Cinema is a medium that gives you voice, says actress-director Rukshana Tabassum

Rukshana Tabassum's short film Dammy examines the desire of a widower to change his sex to care for his infant child.

Sukhpreet Kahlon

Rukshana Tabassum’s short film Dammy blurs gender identities by telling the story of a man trying to change his sex to become a mother to his infant child. In fact, the title of the film, a portmanteau, was coined to indicate this merging of the two identities of daddy and mummy.

Suman Basodia, played by Vikram Kochhar, is a young man living in rural Madhya Pradesh. His wife dies and his infant son survives. Although shattered by his wife’s death, the widower finds it difficult to care for his child who is desperate for its mother. To fulfil the child’s needs, he decides to do the unthinkable and tries to get a gender reconstruction surgery done. Suman’s innocent desire is not understood and he becomes entangled in a corrupt system that only wishes to chew him up and spit him out.

The unusual story, written by Jinoy Jose P, was brought to Rukshana Tabassum’s notice and she was immediately on board. The filmmaker said, “I had never thought anybody can come up with an idea like this, or that an idea like this can come to a man’s head! I called him [Jose] and wanted to know how he got this idea and he said that when he became a father, he realized there was a feminine side to me and when I would look at my sons, I would feel immense love for them.

"He said, ‘I wanted to look after them as a mother would, but I knew I had my limitations. I felt that motherhood inside me while being a father and realized that both the feminine and masculine genders are in everyone.’

"I am a great believer in that, that we all have both sides in us and circumstances sometimes bring out the masculine or the feminine. You cannot stereotype that a woman has to be a certain way and a man has to be in another way. It’s very fluid.”

With the concept and story in place, the team set about finding the exact place where the story would be based. “I started reading a lot about gender reconstruction surgery where people were talking about their experiences, about when they went to a hospital and the humiliation they faced," she said. "The fact that in a small town, someone had the guts to go to a hospital and ask to change the gender was a big deal.”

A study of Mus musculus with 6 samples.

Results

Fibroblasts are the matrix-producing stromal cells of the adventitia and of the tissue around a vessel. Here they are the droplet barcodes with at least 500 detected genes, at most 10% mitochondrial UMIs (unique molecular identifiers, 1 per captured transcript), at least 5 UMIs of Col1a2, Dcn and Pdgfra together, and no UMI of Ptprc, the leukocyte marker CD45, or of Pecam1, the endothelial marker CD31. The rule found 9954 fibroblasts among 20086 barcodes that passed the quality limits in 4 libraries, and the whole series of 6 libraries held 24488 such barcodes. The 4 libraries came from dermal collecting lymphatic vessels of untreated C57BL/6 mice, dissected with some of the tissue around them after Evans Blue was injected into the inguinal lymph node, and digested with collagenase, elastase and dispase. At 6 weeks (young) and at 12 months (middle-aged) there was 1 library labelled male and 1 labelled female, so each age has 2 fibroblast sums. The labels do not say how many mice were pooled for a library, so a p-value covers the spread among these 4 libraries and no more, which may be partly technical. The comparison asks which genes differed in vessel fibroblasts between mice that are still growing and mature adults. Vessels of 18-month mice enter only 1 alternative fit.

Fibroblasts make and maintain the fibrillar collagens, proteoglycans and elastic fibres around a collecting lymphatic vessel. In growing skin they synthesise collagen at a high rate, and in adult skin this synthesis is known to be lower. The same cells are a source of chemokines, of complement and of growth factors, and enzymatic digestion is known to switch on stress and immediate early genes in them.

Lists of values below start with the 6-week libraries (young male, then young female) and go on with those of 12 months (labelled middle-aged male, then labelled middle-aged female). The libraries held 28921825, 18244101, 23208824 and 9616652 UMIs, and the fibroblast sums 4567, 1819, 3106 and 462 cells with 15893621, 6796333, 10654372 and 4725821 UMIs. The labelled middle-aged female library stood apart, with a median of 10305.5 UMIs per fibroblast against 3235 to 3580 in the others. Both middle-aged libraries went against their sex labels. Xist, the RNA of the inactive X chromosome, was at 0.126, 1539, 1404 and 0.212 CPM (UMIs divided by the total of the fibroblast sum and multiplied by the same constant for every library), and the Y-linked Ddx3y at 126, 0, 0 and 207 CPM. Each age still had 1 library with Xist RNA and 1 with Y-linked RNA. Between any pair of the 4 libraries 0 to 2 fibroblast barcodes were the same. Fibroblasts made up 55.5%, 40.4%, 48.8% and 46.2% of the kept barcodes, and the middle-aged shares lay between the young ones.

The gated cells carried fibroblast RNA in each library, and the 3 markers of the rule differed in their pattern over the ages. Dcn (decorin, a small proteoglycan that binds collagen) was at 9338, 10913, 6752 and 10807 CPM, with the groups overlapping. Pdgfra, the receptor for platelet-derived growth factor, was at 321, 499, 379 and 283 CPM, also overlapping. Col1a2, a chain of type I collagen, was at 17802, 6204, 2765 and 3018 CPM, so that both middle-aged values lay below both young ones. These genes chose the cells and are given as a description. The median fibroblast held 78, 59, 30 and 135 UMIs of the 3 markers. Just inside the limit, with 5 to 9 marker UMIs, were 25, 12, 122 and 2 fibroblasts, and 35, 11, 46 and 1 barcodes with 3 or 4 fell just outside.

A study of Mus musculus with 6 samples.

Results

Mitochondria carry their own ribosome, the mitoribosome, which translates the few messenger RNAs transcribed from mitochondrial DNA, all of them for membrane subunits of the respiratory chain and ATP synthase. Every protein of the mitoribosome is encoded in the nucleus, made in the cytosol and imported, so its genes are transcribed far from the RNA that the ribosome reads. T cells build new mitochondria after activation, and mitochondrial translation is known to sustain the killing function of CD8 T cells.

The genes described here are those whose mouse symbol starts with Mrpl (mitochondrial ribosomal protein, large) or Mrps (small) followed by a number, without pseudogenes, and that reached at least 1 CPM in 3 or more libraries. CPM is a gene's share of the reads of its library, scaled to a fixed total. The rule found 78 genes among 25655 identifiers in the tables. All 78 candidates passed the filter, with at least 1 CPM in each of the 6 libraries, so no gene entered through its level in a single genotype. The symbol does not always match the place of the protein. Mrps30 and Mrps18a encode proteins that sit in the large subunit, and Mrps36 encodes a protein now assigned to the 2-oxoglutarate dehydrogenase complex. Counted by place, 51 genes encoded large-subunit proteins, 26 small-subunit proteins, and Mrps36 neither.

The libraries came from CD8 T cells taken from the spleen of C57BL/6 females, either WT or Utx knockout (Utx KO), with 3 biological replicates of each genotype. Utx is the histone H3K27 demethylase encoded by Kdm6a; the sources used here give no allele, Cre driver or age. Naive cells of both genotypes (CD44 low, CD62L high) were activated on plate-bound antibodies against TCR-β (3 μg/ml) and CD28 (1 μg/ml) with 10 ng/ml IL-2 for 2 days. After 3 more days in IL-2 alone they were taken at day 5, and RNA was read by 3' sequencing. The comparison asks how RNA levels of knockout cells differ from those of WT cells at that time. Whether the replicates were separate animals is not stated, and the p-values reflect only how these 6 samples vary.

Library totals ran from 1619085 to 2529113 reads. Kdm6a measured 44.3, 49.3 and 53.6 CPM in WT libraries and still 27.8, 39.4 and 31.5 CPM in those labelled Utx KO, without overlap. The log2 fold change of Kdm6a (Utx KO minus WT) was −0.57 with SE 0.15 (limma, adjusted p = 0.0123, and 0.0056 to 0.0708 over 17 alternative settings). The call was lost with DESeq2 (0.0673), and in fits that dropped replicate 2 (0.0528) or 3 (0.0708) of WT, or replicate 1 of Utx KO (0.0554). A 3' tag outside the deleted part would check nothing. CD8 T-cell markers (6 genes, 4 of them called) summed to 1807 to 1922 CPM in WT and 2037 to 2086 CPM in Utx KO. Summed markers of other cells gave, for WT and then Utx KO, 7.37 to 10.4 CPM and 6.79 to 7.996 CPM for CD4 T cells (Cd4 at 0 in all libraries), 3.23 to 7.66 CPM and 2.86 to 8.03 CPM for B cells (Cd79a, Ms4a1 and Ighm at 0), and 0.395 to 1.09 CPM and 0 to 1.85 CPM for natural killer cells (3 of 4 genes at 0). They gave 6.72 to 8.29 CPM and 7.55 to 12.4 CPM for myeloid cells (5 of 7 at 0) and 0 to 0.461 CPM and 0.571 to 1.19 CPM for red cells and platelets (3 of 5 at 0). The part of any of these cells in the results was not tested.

A still from the shooting of Dammy (2021)

Tabassum found the perfect location in Beltola, a small village in Seoni district of Madhya Pradesh. The village life there was out of the ordinary as the women would go to the factory to work and the men stayed behind to look after the house! “I thought this was so progressive, that too in a place that did not even have proper roads. It was such an amazing way to see gender equality there. So we thought that we could set the story in a place like this," she explained.

With the location, the director also wanted to explore the language and dialects of the place, choosing to shoot in the native Bundeli language. “I wanted to use a dialect that is not really used often, like Bundeli. I feel cinema is a medium that gives you voice. Every community has the right to tell their stories and the medium gives you voice, so I thought we should make a film in a language which is not the first preference to make a film, that’s why we chose the dialect.”

The authenticity of the performances in Dammy also came from small details of the place and everyday life that were woven into the film. “This film has been the most collaborative effort I have done so far," she said. "Initially we got the script and travelled to Raisen [district] and absorbed how the place is and picked up little details. For example, the idea of the child being put in front [of a bicycle] in a crate is something that I saw there. I thought it was so innovative. We picked up little references when we were in that place.”

Tabassum also chose to shoot in documentary style, without controlled sets, and many of the shots became a gamble in terms of what one would ultimately capture.

A Bharatnatyam dancer and actress, Tabassum is an alumna of the Film and Television Institute of India, Pune, and won the National award for Best Educational Film in 2019 for her film Apples And Oranges.

Her films examine various social issues. “I really like taking up films which I feel would address something which we are facing in society right now," she said. "The films that I pick up are ones that I connect to on a personal level. For example, gender equality or what Dammy tries to talk about, it doesn’t matter whether you are a man or a woman, you have the feminine and the masculine in you. Everything comes from the inherent need to voice what is going on inside me, the conflict. This medium gives me the voice.”

Tabassum is currently working on a feature which will be based in Assam against the backdrop of the controversial National Register of Citizens (NRC). The film is not political but focuses on the human stories around that particular moment. “I realized that for the common man it is more important that they survive. It’s not about which party is doing what. At times, I think these concerns take a back seat when you are looking at a larger political scenario, so I want to talk about the other side of it.”

Dammy was premiered at the Indian Film Festival Stuttgart, Germany, in July and has been travelling to various festivals since. It was recently screened at the South Asian Film Festival in central Florida, USA, from 2–4 October.